It’s no secret that moving to a new home or apartment can be extremely stressful. So many details require advance planning and coordination. If you think moving is stressful on us, imagine how it is for our furry companions—as the only world they know gets dismantled and packed into crates. Fortunately there are some things you can do to make this difficult transition easier on both you and your dog or cat.
Visiting the Vet
The process of preparing your pet for moving day begins weeks in advance, with a trip to the vet. Not only can your vet provide medications and feeding instructions for moving day, but they can also be sure your pet is current on all vaccines and can give you copies of your pet’s records. You will likely also need to get some ID tags for each of your pets, with your cellphone contact number, in the event you and you pets become separated for any reason. Microchipping your pet can also give you some security in the event of an accidental escape. The microchip should contain your current contact info (mobile number) and your new address.
Familiarizing Your Pets with Their Carriers
Familiarize your pet with the carrier you’ll be using for the move. Many pets become highly stressed by confinement, so you can help reduce that stress by getting your cat or dog comfortable with being crated. Leave the carrier open for your pet to inspect. You may want to place a favorite blanket or toy inside, so your pet knows the carrier isn’t a bad place or a punishment. On moving day, you’ll likely want your pets away from the action—either boarded or already in their carriers—to avoid the stress of overstimulation. This also lets you have some peace of mind as you orchestrate the move. Pet carriers should be well ventilated and large enough for your pet to stand, turn around fully, and get comfortable.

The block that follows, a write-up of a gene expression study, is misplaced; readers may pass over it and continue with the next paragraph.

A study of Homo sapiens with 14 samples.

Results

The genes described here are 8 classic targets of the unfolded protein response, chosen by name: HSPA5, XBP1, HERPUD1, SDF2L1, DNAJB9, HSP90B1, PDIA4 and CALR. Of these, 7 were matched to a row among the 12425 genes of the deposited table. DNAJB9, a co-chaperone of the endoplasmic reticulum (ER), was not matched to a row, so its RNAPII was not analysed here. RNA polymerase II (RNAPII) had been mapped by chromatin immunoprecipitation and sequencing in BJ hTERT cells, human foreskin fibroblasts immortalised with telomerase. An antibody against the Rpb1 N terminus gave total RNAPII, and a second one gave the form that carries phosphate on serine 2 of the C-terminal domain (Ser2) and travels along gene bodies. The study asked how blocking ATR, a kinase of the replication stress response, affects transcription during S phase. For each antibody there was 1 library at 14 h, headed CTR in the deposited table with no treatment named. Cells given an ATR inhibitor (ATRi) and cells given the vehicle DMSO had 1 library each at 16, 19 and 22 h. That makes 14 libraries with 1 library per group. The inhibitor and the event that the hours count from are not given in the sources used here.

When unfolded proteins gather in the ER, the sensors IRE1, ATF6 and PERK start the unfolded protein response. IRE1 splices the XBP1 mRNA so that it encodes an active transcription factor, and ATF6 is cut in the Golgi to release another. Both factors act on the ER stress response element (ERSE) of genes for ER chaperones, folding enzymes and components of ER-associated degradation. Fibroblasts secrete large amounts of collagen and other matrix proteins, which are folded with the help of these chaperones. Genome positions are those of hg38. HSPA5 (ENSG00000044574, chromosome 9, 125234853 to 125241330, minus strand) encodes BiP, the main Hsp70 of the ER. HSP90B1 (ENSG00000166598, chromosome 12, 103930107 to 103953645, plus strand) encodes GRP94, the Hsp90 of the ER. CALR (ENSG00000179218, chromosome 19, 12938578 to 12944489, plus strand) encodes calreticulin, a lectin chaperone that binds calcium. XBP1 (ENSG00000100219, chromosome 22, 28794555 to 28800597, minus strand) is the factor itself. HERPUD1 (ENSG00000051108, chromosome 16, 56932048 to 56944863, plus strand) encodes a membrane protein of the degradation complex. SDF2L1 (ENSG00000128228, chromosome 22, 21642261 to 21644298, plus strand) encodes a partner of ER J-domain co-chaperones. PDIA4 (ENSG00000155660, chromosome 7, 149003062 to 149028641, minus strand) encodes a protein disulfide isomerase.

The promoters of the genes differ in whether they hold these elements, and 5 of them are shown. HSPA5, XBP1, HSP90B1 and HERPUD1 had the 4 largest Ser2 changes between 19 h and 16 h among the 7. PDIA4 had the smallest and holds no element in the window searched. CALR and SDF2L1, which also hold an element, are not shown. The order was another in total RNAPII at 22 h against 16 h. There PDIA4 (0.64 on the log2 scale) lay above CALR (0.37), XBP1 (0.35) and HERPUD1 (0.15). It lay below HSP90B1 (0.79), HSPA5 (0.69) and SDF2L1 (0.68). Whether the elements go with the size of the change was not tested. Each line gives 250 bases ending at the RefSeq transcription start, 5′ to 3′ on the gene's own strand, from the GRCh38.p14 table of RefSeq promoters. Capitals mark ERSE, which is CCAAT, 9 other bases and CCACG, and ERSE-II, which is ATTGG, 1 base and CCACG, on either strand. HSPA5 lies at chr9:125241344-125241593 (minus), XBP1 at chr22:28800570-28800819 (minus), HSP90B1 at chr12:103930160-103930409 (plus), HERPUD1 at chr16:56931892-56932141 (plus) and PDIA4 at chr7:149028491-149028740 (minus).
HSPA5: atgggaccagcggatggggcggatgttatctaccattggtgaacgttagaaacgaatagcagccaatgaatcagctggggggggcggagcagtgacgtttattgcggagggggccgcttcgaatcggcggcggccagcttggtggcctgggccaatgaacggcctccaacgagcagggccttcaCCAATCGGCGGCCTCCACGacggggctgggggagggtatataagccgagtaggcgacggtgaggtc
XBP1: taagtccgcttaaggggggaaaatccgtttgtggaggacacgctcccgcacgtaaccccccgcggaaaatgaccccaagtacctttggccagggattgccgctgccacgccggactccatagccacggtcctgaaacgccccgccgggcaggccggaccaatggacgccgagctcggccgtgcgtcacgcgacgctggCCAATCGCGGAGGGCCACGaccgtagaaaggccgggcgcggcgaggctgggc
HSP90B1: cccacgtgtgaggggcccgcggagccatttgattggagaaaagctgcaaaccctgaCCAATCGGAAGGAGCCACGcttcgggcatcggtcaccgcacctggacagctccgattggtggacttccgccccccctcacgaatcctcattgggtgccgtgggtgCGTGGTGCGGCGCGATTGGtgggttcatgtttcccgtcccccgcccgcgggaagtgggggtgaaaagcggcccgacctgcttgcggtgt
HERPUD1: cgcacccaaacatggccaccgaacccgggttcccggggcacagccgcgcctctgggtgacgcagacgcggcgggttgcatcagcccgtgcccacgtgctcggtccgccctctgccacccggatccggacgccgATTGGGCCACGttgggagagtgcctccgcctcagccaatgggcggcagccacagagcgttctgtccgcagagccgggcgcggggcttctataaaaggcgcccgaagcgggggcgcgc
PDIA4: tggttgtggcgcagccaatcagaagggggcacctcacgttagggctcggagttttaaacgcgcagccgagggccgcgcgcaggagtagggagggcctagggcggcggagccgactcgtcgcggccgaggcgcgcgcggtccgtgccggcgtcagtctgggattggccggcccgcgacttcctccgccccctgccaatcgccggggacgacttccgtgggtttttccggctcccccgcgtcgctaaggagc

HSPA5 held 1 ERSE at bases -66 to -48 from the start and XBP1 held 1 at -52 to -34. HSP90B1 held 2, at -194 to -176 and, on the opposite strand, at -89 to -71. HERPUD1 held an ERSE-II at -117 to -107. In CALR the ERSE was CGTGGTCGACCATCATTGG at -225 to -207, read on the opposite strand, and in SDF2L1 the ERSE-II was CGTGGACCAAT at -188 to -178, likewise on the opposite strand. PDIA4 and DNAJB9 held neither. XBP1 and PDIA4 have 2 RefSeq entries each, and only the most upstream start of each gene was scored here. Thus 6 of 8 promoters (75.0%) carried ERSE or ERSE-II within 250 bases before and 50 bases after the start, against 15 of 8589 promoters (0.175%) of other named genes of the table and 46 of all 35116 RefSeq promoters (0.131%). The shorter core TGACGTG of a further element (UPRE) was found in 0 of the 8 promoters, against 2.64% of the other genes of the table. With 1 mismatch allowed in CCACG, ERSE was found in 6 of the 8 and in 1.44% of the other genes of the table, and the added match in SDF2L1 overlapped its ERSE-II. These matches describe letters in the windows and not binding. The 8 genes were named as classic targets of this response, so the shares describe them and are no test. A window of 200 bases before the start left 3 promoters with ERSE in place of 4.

Unless your pets are extremely skittish, it’s recommended to let them sniff around the crates as you pack. Easing their curiosity will also lower their stress levels.
Planning Long-Distance Moves
If the move itself is going to require a long drive with overnight stops, research some pet-friendly hotels along the way. Usually a small pet deposit is required, and may vary depending on the size of your pet. Take some time to compare the accommodations and prices. Be sure to schedule water stops and potty breaks—and do not leave your pet alone in a hot car for and reason.
Reducing Travel Anxiety
Some pets love car travel, but most are at least a little anxious. If your pet is particularly skittish, you may want to try some short test runs. Even a few 10-minute drives around the neighborhood with your pet in their carrier can help normalize your pet’s anxiety about car travel. You can then try slightly longer trips. Most pets show a reduction in stress as they become accustomed to the sights, sounds, and sensations of car travel.
Familiarizing Pets with Their New Home
If you’re a dog owner, and your pending move won’t take you far, you might consider walking your dog around your new neighborhood even before you move. Not only will this give you a chance to meet other dog owners and explore dog-friendly parks, but it will give your dog time to get familiar with the surroundings of his or her new home.
Hopefully with these tips in mind, both you and your pets will have a safe and stress-free move.
Cecily Kellogg is a pet lover who definitely has crazy cat lady leanings. Her pets are all shelter rescues, including the dog, who is scared of the cats. She spent eight years working as a Veterinary Technician before becoming a writer. Today she writes all over the web, including here at Figo.